Headaches can often be relieved by a great massage and some nice deep breaths.

Common Types of Headaches

The following would actually benefit from a visit to the doctor, I review here for education purposes.


If your headache is over a day old or the worst headache of your life, I have to recommend you go to the emergency room. At least try to contact your doctor for care. Don’t try to self medicate with prescription medications, especially controlled substances, for headache management ever. Always care for your headache under the direct guidance of a physician.


Classically, a headache that has been there for over 48 hours in a patient that doesn’t have a history of headaches is going to be something that needs acute care. Classically, headaches that worsen throughout the day, reaching their peak every evening, night after night, are the headaches we experience with malignancy (cancer). Classically, if you can ever say your headache is the worst headache of your life, then it is more likely than any of your headaches to be something that needs immediate medical care. Classically, any headache associated with fever and or neck pain should raise an interest in meningitis or encephalitis as possibilities for an underlying cause.

Those are the bad ones. What about the regular ones.

Muscle Tension and Sinus Headaches

Probably the two most common are muscle tension headaches and sinus headaches.

Muscle tension headaches are mostly at the back of your head associated with neck and or back spasms. They respond nicely to MASSAGE, Tylenol, Advil. Chiropractic care can help. I’m a big big believer in acupuncture as well.

Sinus headaches are in your face. They may even be associated with ear pain. They respond nicely to Sudafed and Afrin. Stick to the regular adult doses if you are an adult; stick to the regular children doses if you are caring for a child. Don’t use pseudoephedrine or Afrin for more than a day ever please. Don’t use either of these if you have blood pressure problems (i.e., blood pressure lability or you use blood pressure medications).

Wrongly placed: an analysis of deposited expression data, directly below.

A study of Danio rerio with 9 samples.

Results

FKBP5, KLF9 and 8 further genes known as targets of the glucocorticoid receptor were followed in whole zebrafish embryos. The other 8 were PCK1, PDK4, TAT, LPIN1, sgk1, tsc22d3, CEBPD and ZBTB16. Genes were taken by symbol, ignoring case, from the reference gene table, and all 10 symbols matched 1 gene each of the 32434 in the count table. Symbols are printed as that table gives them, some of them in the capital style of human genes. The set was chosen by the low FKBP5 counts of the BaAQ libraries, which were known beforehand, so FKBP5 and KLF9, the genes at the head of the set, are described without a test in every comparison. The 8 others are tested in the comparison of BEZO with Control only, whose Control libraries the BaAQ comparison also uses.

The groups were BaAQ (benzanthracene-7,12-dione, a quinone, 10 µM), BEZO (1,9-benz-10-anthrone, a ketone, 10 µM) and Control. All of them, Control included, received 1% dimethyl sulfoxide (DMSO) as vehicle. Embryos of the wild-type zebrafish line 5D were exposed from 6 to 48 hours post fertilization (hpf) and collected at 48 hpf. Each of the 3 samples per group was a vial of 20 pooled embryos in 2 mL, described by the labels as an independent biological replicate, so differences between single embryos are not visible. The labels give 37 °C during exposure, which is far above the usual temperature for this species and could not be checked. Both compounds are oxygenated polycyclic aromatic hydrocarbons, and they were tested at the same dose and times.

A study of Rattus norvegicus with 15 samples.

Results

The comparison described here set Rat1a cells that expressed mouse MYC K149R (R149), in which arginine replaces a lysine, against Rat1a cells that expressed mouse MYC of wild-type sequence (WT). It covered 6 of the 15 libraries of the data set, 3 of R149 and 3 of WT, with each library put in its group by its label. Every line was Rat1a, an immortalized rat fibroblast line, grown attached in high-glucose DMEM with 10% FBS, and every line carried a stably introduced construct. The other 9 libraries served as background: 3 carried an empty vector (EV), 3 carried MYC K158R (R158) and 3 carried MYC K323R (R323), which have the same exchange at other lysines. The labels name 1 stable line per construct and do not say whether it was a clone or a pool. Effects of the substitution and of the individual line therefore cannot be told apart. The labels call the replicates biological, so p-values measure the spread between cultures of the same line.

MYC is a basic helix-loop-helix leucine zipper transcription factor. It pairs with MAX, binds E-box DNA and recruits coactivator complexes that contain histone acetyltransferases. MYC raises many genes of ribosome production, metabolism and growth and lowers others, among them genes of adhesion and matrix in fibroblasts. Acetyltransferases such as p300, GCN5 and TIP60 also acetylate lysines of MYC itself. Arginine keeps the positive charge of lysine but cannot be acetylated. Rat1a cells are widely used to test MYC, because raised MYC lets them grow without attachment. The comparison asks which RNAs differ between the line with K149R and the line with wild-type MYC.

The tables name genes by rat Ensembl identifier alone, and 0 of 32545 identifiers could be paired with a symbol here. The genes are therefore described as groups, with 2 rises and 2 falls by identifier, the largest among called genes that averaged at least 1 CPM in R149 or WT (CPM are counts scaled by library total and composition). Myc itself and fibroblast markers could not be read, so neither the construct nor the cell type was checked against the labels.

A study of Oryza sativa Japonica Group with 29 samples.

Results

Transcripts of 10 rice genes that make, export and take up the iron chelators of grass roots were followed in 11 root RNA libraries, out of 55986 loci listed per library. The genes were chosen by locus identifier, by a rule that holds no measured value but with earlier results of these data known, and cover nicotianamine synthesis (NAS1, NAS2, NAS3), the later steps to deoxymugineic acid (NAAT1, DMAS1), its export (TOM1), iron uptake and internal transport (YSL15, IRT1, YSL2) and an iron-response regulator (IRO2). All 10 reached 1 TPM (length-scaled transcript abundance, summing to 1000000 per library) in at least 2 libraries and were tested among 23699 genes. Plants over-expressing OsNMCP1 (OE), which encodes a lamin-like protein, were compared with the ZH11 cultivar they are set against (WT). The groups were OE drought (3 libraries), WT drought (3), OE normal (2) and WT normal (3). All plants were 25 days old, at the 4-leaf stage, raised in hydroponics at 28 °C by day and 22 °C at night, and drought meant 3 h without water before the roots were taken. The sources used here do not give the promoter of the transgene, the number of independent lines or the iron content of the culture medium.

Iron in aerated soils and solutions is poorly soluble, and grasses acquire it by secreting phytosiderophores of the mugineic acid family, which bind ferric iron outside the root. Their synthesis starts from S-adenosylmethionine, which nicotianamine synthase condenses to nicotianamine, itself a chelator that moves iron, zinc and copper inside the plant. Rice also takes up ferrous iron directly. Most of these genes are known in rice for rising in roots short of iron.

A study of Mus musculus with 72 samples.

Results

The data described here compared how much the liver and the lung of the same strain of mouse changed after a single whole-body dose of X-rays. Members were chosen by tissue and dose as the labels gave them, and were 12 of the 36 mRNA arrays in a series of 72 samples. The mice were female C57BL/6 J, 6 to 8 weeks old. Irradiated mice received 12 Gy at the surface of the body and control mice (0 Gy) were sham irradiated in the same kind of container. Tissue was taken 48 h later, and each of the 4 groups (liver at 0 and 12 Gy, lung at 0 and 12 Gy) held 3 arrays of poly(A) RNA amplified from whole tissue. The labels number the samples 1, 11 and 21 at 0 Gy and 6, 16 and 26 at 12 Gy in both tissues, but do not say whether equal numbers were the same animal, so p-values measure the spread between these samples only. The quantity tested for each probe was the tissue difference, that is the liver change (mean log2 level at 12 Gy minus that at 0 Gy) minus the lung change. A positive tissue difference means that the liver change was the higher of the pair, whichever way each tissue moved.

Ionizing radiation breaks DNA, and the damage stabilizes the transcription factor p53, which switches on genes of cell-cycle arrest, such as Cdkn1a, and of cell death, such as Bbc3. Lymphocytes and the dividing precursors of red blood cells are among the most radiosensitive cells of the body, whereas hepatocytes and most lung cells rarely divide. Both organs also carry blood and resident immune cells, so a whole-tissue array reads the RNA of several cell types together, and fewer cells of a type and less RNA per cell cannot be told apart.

Migraine and Cluster Headaches

That brings me to migraines and cluster headaches, two of the most common of types of headaches that might benefit from prescription medications.

Migraine headaches are throbbing. They are throbbing because they are of a vascular nature. By that, I mean there is a blood vessel that’s pumping painfully. There’s a vascular problem, and that leads to a migraine headache. The word migrainous actually implies vascular. So a blood vessel oriented, throbbing headache – think migraine. Seek care by your physician. Neurologists are usually not needed. Your doc is likely to prescribe one of the sumatriptan‘s. But some patients either don’t respond to them or or don’t tolerate them because these drugs cause hypertension.

So. Other medications that work for migraine headaches that need more care than Imitrex or the sumatriptan’s include barbiturates. Fioricet is a nice choice. Some potential for dependence and abuse with fioricet and barbiturates, so be careful.

Cluster headaches are also extremely common. Neurologists know how to distinguish them from migraine headaches, and it’s very easy usually.

And here are some nice pearls about cluster headaches. Cluster headaches arise from a tiny area deep inside your brain that is not getting enough oxygen. So, if you breathe oxygen from an oxygen tank in a higher concentration than you get from room air, those headaches will go away. And that’s actually a nice way of securing that diagnosis. But not everybody has oxygen at their house. One way you can mimic oxygen blow by is by getting into a car, and cracking all your windows as you go for a drive. This is in fact what is advised for taking a patient to the emergency room if there’s ever an emergency because oxygen helps so many acute things. Drive them safely to the emergency room without delay “with your windows cracked“. Cracking your windows It’s a nice trick for mimicking blow by oxygen.

So let’s say you have a headache that does not seem throbbing, so not migrainous. You don’t have access to oxygen. So you get in your car, drive around with the windows cracked, and it goes away. You probably have a cluster headache. Of course, you’re not going to live in your car riding around to get blow by oxygen for your headaches. You’re going to need other care. Prescription medications that help cluster headaches include steroids and calcium channel blocker‘s. Some patients require stronger control. It’s always nice to avoid opiates because these headaches aren’t going to go away, if you’re gonna continue throwing opiates at them, you will get addicted to opiates. So not the right choice.


If a headache is low risk but brings you to a neurologist and it’s neither a cluster nor a migraine headache, the neurologists like to call them atypical headaches. Follow their guidance. Imaging is often needed.